Reviews & Profiles
What it Means To... Be bullied in school
Posted Wednesday, February 6 2013 at 00:00
I set sail to the uncharted waters of boarding school life in my secondary education. I had worked hard, read my books and finally made it on merit to one of the best schools in the land. I was excited about joining my new school.
My first day at school was long, daunting and thrilling all at the same time. I was assigned one of the best houses (read dormitory) which was to be my new home for the next four years of my course. This house had walls that had stood the test of time, they had withered many storms offering shelter and playing home to some of the most fortunate people in the country.
It was also going to be my first time to sleep outside the comfort of my parents’ home. Never in my life had I imagined that a day would come when I would be on my own, in a world filled with many my age who shared similar goals and interests.
Joining a new school can be a traumatic experience. We had to sleep in the same room with those in higher classes. Besides the differences we had, we were not to “mix levels” with those in the higher classes, -as they usually reminded us. This created grounds for bullying.
We had to do the house work and were bullied into fetching bathing water for the older boys. At times, when you fetched your water early and carefully chained the jerry can by the bed, you would find it empty. Such events were to dominate my first year at school. As time passed, we became servants to the students in higher classes; these boys never forgot to pass by our room to book us to buy them break-time snacks.
We were allowed access to our dormitories during break-time. One day, as I rushed to grab a quick snack before heading back to class, I found three boys standing by the balcony. Each one of them calling out to me to go and buy them break. I refused, and tried to avoid entering the dormitory. However, one of them kept on throwing all sorts of words and threats at me but I brushed it off and stood by my NO.
That evening, I was targeted by the same boys who had tried to force me to buy for them break. This time, they wanted to be entertained so they called us in and told us to mime for them.
Those who failed the test were made to kneel, and most of my friends failed to mime so they had to kneel. I soon joined them since I had disobeyed earlier. They scolded us and threatened to lock us out of the dormitory. One of them, a tall, dark boy with a mean looking face held my head and asked, “Who do you think you are?”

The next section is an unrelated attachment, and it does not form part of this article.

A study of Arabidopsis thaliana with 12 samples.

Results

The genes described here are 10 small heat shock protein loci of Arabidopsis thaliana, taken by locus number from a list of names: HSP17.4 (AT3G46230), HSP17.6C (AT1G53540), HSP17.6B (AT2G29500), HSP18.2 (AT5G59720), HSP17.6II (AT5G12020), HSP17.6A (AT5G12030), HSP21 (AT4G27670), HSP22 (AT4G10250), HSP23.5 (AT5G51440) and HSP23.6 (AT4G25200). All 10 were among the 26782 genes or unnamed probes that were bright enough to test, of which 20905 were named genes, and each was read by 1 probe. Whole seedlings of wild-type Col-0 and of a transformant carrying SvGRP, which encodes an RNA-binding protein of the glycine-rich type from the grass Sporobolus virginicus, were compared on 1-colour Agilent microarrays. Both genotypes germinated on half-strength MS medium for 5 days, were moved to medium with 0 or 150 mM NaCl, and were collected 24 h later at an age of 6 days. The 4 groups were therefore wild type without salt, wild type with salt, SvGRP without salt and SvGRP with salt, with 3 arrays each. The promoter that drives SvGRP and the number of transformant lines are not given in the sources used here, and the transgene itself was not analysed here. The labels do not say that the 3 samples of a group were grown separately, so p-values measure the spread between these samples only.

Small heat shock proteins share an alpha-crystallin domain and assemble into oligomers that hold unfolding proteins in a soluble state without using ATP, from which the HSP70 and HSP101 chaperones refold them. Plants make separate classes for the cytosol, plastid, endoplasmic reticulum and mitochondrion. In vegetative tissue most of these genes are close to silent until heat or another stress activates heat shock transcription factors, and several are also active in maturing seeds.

“We went through this and a lot more,” another member of the clique chipped in. At this point, I thought of reporting them to the house master. But one of them was quick to warn us against it. “Don’t even waste your time because we shall find out and deal with you accordingly.” This scared us but what pissed me off was them beating up one of us because he had failed to dance.
During our evening prep, a group of us decided to report what had happened to the house master.
The next day, he came to address the issue very early. In the small meeting, he had gathered, he called out the four senior boys we had reported and went ahead to mention the names of those who had reported the bullying incident.
This seemingly right action on his part had not only blown our cover but had also landed us in trouble with the bigger boys. The house master punished the three senior boys in front of us and left.
No sooner had he vanished from us than the senior boys came to our room spelling our doom for us. To them, we had just signed a death warrant.
These boys made it a point to make our lives especially mine a living hell. We got the worst chores and fetched their water more often. The rest of the students blamed us for the harsh treatment they got. I wanted to change to another school, but my parents would not hear of it. We endured through and soon hardened in the system. Many in my year planned to pay back on the other juniors who would be below them.
However, when I became a senior student in the school, I got a position of responsibility. I could have used it to pay back for the bullying I went through but chose to make a difference.